That's the number of homeruns the great Babe Ruth socked, the all-time career record when I was growing up. There's nothing more exciting in baseball than a homerun and no record is more important. Baseball is awash with records. There's nothing that isn't reduced to statistics. Did you know that Dale Berra, son of the Hall of Fame catcher Yogi, holds the National League record for reaching first base via catcher's interference seven times in 1983? Honestly.

There are books of records. But 714 rules them all. It's the first record I ever learned. It was part of the very definition of homerun. When I was listening to the Phillies games on my transistor radio and Johnny Callison would smack a homer, or when I saw Mickey Mantle drive a ball over the fence on television, accompanied by Mel Allen assuring us all that that ball was going, going, gone, there was always in the back of my mind the knowledge that the Babe, who had practically invented the homerun, had hit 714 of them and never been bested.

After I grew up Hank Aaron passed the Babe fair and square (755 homeruns) and Barry Bonds cheated his way past Aaron (762) but there's an aura about the number 714. It still looks more like the record to me than 755, or 762. Just look at it. 714. That looks like the record, doesn't it? It's another way of saying homerun. Well, that was the magic number when I was a kid, dammit, and it is still magic to me.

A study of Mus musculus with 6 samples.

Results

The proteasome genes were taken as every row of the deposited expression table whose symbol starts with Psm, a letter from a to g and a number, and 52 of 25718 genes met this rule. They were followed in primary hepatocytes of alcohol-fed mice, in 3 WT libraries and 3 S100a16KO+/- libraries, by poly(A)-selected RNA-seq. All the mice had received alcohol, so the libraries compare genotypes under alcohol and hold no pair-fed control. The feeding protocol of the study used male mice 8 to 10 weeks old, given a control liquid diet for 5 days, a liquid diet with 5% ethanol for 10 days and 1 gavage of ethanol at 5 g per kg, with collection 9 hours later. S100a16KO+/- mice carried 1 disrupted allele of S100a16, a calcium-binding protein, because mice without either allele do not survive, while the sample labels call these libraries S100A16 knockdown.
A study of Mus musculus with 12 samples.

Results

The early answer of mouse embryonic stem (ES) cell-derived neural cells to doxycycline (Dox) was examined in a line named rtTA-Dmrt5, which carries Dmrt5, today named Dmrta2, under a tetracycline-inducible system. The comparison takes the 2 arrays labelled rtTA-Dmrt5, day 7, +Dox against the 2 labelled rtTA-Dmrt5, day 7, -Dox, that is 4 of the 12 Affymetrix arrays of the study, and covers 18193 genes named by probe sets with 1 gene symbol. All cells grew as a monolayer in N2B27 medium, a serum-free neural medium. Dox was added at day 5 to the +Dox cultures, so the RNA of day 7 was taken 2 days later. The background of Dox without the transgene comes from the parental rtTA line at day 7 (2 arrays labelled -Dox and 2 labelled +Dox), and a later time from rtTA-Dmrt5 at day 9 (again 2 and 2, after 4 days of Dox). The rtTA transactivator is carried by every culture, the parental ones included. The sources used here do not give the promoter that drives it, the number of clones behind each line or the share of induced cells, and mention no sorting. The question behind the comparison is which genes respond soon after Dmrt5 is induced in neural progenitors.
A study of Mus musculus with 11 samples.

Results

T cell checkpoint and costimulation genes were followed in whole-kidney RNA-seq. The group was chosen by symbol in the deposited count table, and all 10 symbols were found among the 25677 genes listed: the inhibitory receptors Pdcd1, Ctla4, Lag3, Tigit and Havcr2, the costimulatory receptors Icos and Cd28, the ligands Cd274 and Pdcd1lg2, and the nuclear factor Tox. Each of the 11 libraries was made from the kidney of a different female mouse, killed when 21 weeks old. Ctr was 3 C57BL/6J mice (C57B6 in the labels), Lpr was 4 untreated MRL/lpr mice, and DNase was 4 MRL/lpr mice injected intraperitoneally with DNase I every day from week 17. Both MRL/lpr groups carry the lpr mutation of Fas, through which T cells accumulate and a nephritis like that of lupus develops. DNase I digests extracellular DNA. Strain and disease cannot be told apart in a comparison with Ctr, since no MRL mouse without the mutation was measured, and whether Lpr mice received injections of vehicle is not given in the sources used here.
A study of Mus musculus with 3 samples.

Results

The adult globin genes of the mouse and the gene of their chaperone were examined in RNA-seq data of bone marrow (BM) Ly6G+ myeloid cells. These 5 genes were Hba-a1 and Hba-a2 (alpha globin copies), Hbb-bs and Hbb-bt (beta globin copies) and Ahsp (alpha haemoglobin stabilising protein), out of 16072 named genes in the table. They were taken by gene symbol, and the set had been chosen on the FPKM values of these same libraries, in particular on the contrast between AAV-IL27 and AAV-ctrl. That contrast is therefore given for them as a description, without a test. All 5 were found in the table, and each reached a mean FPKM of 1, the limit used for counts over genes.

And then there is:


Cue the James Bond theme. Can't you see the stylized gun incorporating that "7"? Doesn't the phrase "license to kill" spring to mind? Not that I ever wanted a license to kill. One Christmas my uncle seemed to think I did.

My Uncle Sam, I mean. It was back in the early seventies when kids had to be drafted into useless wars rather than volunteering. If you are old enough you will remember the draft lottery, which sent the winners on an all expense paid trip the the jungles of southeast Asia. By the time I got my assigned number there weren't many winners. But for once in my life I got lucky. I was told I was 007.

How cool is that? Actually, not very. I'm sure the army would have taught me to shoot a gun but I felt like I was being given a license to be killed.

If only my number 007 had involved daring adventures and exotic women, from both of which I would emerge unscathed. Alas, what it meant was that I got Uncle Sam's greetings the day before Christmas and had to endure a draft physical. There weren't any beautiful women with physical deformities present, just guys bragging about the hernias that would exempt them. I was rejected due to my eyesight and weight. You had to weigh more than a rifle and be able to see it from a foot away. Too many kids weren't so fortunate. As I said, I was lucky. But still, when I see the number 007, it means something different to me than it does to most people.